89bio is climbing over the rubble of fallen nonalcoholic steatohepatitis (NASH) treatments with new top-line data from a limited number of patients that show its candidate spurred improvements in disease severity based on several measures.

Pegozafermin, previously known as BIO89-100, is being tested in a phase 1b/2a trial in NASH patients who have liver fibrosis in stages F2 or F3, the stages before cirrhosis. Patients received the therapy once a week for 20 weeks. The data come from 19 out of 20 patients in an expansion cohort who received end-of-treatment biopsies to confirm results.

The results show that 63% of patients achieved a two-point improvement in disease severity without fibrosis worsening, which was based on a scale developed to assess nonalcoholic fatty liver diseases. This was the main goal of the trial. 89bio also said 74% of patients achieved the two-point improvement alone.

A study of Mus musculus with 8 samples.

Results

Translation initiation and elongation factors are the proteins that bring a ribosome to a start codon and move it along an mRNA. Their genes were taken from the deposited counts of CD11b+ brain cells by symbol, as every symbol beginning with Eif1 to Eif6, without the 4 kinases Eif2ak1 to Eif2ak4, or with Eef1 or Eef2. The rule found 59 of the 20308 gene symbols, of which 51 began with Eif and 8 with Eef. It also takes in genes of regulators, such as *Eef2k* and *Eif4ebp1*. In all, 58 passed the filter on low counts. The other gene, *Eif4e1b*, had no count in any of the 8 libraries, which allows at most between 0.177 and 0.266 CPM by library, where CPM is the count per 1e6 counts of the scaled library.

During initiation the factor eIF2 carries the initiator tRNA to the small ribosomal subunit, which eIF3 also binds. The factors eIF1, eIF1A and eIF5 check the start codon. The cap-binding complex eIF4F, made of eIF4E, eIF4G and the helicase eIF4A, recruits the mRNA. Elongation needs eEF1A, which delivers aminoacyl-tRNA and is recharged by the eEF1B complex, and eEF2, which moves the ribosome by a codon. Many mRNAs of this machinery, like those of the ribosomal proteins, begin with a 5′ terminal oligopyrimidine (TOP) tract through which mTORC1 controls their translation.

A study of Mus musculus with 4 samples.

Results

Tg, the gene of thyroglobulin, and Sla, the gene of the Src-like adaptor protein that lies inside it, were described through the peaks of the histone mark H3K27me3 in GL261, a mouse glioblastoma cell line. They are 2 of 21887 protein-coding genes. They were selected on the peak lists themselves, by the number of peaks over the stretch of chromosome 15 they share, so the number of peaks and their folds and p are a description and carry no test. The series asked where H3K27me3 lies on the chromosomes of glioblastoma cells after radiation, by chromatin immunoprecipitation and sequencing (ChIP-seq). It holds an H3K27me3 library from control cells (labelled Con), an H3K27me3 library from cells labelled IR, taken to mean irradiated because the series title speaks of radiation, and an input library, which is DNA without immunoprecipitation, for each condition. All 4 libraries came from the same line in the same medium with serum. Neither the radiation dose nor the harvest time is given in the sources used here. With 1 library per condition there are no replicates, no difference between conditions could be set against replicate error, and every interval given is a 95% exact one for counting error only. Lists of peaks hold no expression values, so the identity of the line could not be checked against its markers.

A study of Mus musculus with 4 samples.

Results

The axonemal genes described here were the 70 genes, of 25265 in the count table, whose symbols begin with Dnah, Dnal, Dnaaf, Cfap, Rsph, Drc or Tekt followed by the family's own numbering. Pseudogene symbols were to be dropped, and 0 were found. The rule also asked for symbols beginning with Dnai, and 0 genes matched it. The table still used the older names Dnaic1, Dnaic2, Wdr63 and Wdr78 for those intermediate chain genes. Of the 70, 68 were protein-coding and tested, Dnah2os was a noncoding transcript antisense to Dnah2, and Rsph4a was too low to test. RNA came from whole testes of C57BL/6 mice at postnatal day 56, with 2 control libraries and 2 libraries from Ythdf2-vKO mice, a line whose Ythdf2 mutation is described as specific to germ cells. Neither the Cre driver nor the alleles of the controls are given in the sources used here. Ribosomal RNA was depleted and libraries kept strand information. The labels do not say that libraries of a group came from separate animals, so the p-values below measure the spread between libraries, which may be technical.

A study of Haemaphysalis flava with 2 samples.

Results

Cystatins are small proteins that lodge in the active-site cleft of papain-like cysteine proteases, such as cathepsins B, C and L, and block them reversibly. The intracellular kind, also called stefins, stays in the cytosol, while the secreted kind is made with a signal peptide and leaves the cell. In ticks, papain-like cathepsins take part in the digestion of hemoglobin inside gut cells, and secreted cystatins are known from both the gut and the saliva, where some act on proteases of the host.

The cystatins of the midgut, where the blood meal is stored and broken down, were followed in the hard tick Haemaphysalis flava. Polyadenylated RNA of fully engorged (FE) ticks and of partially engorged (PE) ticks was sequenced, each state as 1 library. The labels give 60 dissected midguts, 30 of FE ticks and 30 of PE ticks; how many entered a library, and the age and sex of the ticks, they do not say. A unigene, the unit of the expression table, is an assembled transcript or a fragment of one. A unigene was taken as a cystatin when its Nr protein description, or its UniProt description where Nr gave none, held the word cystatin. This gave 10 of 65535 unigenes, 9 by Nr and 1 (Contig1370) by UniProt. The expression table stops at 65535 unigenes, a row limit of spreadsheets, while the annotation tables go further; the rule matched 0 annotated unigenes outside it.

NASH resolution without worsening of fibrosis was observed in 32% of patients, and 47% experienced NASH resolution or fibrosis improvement.


The full study features 83 patients, and 89bio reported that safety and tolerability has been steady in the larger group. No adverse events have been reported, and just one patient has discontinued due to the treatment.

Expectations for 89bio’s top-line results were high, as so many companies have crashed in front of them. Bristol Myers Squibb recently abandoned a midstage asset after getting a look at early phase 2b data. The Big Pharma is continuing on with another NASH candidate called Hsp47.

Metacrine walked away from a phase 2 treatment in October after a mixed bag of results from a trial. Enanta Pharmaceuticals did the same that month.


89bio is evaluating pegozafermin in a phase 2b trial called ENLIVEN that will include 200 patients with a follow-up biopsy performed after 24 weeks of treatment. The therapy is also being tested in patients with severe hypertriglyceridemia in a phase 2 trial called ENTRIGUE. The trials are expected to read out in the first half of 2023 and the second half of 2022, respectively.